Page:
The European Autumn

Translation of a piece by Isaac Rosa, whose new book La mano invisible (The Invisible Hand) I have been about to begin reading for the last few months. His survey of countries under the watchful eye of the IMF and the ECB excludes Ireland, but it too, along with its fairytales of democratic revolutions enacted at the ballot box, is a small part of the same story of anti-popular upheaval.

The European autumn.

After the Arab Spring, which has pulled down several ruling heads in North Africa, Europe is living through its own autumn, which is also costing various people their seats. No, I know that the dictatorial governments of the Maghreb have nothing to do with European democracies. But above all they differ in the way in which people leave power on one side or the other of the Mediterranean: whilst over there they have succumbed to popular revolutions, here it is the crisis and the economic powers that are collecting political cadavers.

Papandreou in Greece has just fallen, after the referendum havoc, following in the steps of Sócrates in Portugal, who stepped down in March after resigning himself to the European bailout, and who later lost the elections. The next in the deck could be Berlusconi, corralled in the Parliament whilst the IMF visits Italy to oversee compliance with the adjustment. What neither corruption nor velines nor the many eccentricities of the millionaire prime minister could not do, the crisis shall.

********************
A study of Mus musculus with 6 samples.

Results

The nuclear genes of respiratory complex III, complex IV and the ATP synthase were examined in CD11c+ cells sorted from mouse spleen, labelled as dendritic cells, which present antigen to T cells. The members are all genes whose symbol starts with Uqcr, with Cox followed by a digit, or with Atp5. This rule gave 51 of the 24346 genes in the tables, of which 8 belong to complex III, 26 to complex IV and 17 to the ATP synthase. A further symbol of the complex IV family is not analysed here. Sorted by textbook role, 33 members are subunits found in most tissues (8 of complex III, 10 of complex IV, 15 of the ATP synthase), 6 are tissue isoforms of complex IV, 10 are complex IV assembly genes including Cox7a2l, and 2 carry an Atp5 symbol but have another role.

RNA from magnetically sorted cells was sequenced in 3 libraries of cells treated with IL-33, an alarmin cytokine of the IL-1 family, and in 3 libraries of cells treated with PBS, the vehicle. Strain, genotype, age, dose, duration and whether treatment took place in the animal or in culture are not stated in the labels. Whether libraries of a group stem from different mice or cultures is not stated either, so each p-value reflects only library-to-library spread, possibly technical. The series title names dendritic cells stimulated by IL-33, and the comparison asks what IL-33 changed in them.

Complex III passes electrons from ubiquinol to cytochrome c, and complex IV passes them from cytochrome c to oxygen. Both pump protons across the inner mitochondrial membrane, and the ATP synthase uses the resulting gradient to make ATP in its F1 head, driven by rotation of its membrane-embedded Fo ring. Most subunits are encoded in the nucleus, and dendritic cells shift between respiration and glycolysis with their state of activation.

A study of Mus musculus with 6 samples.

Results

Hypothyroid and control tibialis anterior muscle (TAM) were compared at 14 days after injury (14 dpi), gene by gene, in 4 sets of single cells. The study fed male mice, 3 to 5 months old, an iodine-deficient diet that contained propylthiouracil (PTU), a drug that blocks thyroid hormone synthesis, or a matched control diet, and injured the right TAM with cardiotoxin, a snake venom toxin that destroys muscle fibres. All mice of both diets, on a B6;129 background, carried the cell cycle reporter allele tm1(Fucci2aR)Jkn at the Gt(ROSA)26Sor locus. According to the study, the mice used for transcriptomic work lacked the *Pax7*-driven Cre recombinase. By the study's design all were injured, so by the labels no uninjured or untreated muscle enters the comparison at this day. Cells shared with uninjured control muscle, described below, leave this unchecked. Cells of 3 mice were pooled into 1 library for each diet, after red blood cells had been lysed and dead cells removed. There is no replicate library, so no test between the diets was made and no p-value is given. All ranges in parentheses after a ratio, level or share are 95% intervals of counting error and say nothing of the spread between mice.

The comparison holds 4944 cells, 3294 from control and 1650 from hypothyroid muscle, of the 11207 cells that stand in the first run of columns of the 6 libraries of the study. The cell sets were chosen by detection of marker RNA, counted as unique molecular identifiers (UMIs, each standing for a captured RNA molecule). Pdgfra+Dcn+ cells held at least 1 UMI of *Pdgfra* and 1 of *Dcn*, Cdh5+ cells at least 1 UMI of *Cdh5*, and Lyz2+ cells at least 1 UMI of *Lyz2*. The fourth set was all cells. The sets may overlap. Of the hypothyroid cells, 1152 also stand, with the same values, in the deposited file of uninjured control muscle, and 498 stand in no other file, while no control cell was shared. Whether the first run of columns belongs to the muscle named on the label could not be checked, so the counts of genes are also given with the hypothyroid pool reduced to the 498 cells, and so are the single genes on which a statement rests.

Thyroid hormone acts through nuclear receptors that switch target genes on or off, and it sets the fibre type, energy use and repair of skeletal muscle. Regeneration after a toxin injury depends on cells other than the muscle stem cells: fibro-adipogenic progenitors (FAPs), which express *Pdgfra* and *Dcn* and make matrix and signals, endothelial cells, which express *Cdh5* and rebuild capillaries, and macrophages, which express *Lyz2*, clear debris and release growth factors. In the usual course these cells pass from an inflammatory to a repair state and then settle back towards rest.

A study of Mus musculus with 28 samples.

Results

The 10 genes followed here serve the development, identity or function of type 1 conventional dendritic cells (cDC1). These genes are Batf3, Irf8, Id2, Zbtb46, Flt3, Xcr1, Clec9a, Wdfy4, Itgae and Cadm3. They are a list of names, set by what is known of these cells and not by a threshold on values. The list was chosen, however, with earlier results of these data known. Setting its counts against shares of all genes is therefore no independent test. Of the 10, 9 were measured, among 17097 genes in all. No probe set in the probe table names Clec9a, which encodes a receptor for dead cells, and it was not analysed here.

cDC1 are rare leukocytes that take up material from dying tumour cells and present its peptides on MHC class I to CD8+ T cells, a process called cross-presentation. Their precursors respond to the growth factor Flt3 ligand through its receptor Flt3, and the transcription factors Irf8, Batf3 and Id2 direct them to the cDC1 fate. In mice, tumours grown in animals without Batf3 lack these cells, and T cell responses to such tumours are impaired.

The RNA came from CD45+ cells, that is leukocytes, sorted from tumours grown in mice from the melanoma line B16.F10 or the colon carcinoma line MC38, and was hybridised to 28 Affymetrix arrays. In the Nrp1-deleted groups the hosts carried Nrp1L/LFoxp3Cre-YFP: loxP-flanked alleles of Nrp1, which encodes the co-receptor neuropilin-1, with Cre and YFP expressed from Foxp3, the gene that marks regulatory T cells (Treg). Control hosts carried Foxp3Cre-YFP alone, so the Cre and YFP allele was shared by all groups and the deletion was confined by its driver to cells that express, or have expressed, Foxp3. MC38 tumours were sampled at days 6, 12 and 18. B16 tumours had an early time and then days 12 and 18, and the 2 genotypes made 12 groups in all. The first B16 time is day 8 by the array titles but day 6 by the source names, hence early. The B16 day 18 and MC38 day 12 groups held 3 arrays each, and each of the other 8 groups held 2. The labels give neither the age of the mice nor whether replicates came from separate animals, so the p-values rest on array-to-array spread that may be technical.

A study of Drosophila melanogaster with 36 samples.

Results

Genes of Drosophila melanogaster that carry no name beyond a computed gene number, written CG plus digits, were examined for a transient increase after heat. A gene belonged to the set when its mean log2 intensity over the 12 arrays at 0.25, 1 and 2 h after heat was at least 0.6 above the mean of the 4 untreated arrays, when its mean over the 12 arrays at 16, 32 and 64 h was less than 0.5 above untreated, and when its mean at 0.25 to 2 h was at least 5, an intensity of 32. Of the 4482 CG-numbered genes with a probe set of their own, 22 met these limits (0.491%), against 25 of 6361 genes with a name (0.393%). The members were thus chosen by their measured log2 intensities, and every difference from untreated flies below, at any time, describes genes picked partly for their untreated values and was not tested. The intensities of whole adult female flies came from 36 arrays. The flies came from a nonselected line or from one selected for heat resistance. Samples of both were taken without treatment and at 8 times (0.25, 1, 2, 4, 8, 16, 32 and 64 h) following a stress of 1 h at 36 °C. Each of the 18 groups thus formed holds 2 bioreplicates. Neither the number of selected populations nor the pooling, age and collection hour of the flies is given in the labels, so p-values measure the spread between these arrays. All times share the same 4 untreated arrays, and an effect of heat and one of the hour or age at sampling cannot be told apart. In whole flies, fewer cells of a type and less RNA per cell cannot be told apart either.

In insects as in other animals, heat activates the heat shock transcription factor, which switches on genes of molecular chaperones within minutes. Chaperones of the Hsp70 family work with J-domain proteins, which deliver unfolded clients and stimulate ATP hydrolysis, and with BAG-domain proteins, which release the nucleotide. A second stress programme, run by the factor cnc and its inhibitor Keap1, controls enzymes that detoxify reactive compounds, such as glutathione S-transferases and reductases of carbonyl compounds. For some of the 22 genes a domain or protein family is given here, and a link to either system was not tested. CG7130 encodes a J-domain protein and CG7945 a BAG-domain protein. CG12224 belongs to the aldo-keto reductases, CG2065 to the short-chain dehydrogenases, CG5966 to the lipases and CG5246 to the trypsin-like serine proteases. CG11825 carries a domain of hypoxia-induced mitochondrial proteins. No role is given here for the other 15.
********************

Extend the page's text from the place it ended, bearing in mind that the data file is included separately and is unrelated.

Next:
After Portugal, Greece and Italy, it will be the turn of Zapatero-Rubalcaba at the polls, the final stop of a long via crucis; and in spring it may also be Sarkozy’s turn in the presidential elections. Nor does Merkel sit very securely in her seat, after losing six regional elections in nearly a year.

Berlusconi

This is the European autumn, which goes about devouring its rulers. But by contrast with the Arab Spring, here only heads roll but nothing changes: with or without them economic policy will remain the same, dictated by the IMF and the ECB, with even greater turns of the screw on the citizens. In fact, the alternative to the fallen governments has led to a turn to the right (Portugal and soon Spain), and to the formation of governments of either national unity or a technocratic profile, as in Greece, where the main candidate is the ex-governor of the Central Bank, and ex-vicepresident of the ECB, and as will probably be the case in Italy if Berlusconi gives way.

No-one is crying for the fallen rulers, but there isn’t much partying either.